This analysis of the Costa Concordia accident
is really interesting:
Some of the concepts, like Bridge Resource Management, are more applicable to us than might seem at first glance.
The "Electronic Charting Zoom Problem", which some people deny exists, is mentioned as one of the factors in the accident
"Another potential usability issue might have contributed to “hide” the underwater rock to the eyes of the officers (fig.15a and 15b). This relates to the clarity of electronic vector charts on navigational display. Spot soundings overlapping with depth
contours and other cartographic features are the norm on ECDIS and ECS, and the dynamic customization of the various layer of information at best requires a considerable cognitive 16 effort. In the worst cases important features becomes unreadable, compromising the situational awareness of the OOWs.
Comparing the paper chart with the vector chart of Giglio Island (fig.16 a, b), it appears evident
that the art of cartography got lost in translation from paper to vector charts.
The last bit is a subtle and important remark, reminding me strikingly of this comment by RythmDoctor:
"Note that there is a lot of complexity in the dialog that you posted - a lot of power to filter out clutter. But one man's clutter is another man's treasure. And therein lies the danger of vector charts. That is why I prefer to use raster charts for initial planning - because professional cartographers have made sure the really important stuff is shown
, instead of a relatively unsophisticated user (me) accidentally unchecking a box that should have been left checked."
I have been playing with the vector chart controls in OpenCPN, and with the raster charts I bought.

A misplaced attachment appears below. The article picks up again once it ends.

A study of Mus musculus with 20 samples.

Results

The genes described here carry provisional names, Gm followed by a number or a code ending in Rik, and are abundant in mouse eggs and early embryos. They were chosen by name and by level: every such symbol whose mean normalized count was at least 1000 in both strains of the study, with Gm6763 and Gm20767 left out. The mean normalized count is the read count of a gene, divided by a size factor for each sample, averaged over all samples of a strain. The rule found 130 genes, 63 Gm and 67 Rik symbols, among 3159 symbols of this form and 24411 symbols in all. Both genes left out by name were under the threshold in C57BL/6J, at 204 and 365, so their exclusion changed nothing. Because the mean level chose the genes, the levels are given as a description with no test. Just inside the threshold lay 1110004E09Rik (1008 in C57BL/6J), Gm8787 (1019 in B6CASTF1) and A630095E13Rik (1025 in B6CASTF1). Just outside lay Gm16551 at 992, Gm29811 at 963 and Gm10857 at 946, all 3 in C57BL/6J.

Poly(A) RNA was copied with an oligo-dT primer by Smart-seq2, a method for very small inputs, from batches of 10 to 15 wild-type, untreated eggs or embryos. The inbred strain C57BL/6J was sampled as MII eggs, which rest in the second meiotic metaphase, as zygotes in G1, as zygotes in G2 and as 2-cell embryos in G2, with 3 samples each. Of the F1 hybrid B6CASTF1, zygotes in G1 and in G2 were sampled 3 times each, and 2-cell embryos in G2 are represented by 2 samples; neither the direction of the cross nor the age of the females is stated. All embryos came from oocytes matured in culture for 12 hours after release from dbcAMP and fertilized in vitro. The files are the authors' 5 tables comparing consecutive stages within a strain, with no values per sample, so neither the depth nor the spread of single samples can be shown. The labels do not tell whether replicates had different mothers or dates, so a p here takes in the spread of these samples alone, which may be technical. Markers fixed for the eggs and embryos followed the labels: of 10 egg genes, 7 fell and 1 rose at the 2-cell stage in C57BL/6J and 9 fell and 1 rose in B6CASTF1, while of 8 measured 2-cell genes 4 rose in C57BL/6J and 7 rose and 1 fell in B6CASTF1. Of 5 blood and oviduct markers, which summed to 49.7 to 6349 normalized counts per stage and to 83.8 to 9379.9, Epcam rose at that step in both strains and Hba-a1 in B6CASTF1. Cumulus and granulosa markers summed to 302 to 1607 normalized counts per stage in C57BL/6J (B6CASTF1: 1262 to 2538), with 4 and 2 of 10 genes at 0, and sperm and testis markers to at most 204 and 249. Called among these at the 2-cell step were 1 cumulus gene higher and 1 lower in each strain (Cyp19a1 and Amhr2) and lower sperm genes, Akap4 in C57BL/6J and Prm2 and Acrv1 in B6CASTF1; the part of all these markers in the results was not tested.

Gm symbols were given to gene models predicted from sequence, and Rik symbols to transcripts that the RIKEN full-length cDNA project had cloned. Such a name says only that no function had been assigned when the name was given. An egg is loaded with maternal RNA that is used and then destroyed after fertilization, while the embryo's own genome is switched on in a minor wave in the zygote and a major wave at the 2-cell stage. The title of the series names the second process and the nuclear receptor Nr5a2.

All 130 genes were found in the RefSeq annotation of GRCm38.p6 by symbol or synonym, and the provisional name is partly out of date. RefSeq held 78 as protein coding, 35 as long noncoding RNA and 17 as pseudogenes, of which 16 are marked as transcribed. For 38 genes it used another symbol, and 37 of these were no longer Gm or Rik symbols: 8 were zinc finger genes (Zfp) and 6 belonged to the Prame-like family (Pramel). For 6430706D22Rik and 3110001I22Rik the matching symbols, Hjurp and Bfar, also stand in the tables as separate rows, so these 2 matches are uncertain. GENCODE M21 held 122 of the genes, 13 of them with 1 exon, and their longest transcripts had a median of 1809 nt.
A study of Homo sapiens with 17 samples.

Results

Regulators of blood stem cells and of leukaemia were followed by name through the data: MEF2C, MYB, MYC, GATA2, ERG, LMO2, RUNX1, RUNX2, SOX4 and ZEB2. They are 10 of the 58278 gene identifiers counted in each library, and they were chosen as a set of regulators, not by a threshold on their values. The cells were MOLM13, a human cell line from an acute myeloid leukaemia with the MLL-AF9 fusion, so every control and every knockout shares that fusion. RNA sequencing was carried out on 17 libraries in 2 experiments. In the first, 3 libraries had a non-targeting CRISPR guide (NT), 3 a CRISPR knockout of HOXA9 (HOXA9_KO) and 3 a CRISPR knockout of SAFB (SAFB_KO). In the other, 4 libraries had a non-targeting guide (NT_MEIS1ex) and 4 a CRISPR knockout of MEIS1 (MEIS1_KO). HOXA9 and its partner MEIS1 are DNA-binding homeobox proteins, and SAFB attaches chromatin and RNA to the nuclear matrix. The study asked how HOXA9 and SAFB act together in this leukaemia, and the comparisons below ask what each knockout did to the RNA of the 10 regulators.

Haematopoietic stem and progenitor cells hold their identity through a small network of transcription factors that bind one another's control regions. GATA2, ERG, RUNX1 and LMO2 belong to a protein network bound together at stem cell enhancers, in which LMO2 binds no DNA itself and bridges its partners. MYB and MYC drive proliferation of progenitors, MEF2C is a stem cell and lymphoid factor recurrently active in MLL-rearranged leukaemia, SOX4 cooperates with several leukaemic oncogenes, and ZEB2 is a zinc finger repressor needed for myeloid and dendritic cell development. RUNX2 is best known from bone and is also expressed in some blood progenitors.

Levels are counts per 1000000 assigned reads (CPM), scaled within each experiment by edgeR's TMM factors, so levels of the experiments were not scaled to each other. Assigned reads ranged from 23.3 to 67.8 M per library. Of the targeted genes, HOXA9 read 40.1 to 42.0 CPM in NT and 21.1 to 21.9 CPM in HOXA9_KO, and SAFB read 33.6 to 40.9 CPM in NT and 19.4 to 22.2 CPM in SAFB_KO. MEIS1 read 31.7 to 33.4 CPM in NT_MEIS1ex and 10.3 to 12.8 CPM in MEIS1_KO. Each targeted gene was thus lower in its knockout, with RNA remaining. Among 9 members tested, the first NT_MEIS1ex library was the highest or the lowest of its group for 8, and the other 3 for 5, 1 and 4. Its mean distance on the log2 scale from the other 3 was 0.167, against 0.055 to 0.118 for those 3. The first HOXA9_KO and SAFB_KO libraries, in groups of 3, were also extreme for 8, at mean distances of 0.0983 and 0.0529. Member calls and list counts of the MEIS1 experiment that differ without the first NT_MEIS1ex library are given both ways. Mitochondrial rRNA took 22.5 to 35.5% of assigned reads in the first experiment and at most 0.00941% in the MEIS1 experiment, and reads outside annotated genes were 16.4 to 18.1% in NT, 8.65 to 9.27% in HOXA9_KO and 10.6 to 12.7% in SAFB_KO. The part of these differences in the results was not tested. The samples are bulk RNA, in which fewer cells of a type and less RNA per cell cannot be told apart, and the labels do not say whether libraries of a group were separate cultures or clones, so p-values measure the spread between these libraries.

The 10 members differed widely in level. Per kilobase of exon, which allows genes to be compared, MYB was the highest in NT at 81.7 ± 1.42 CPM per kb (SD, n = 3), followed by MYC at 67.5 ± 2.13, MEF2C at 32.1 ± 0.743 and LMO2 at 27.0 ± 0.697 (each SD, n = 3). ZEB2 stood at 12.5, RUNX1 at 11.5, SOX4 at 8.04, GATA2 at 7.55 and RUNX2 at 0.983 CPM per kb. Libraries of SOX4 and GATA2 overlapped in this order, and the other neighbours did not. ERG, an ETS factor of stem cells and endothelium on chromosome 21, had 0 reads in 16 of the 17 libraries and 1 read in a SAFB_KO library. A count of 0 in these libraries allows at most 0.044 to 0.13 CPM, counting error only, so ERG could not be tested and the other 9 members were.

So far, I can't get dramatically more useful views of vector charts, using the controls. Applying blanket rules to the detail shown does not really help -- the "professional cartographer's art" is needed, not a mechanistic rule
. Some professional cartographer devised the layers or default rules used in vector charts. Maybe the ENC charts -- designed for larger, higher resolution displays -- will be better than the Navionics
charts I have. But so far I can't get my vector charts to display in a way that is really suitable for planning in complex water
So I am starting to believe that you need raster charts for that, as Rhythm Doctor says. For chart plotting underway, vector charts look better, but for planning, raster seems unbeatable.
I can say that I've now reached the point where the official UK raster charts on OpenCPN with a large high res display are better for me for planning than paper. Yes, really. This is a watershed for me. I still can't quite see as much detail (maybe with a 4k display at the nav table), and you can't put down a Portland
Plotter and pencil, but the ability to instantly switch between different charts with the "piano keys" is something you can't duplicate with paper, and there are many tools which are laborious to emulate on paper, like transferring routes to the main nav system.
So I guess I'm going to bite the bullet and acquire the expensive NV raster charts for the Baltic. The company does not sell electronic charts without paper -- you automatically get the paper charts too. So I won't have to give up paper altogether.
I think there's still room for some feature OpenCPN which would preserve the display of actual hazards (as opposed to other details) in some symbolic form at zoomed-out views of vector charts, as we've been discussing.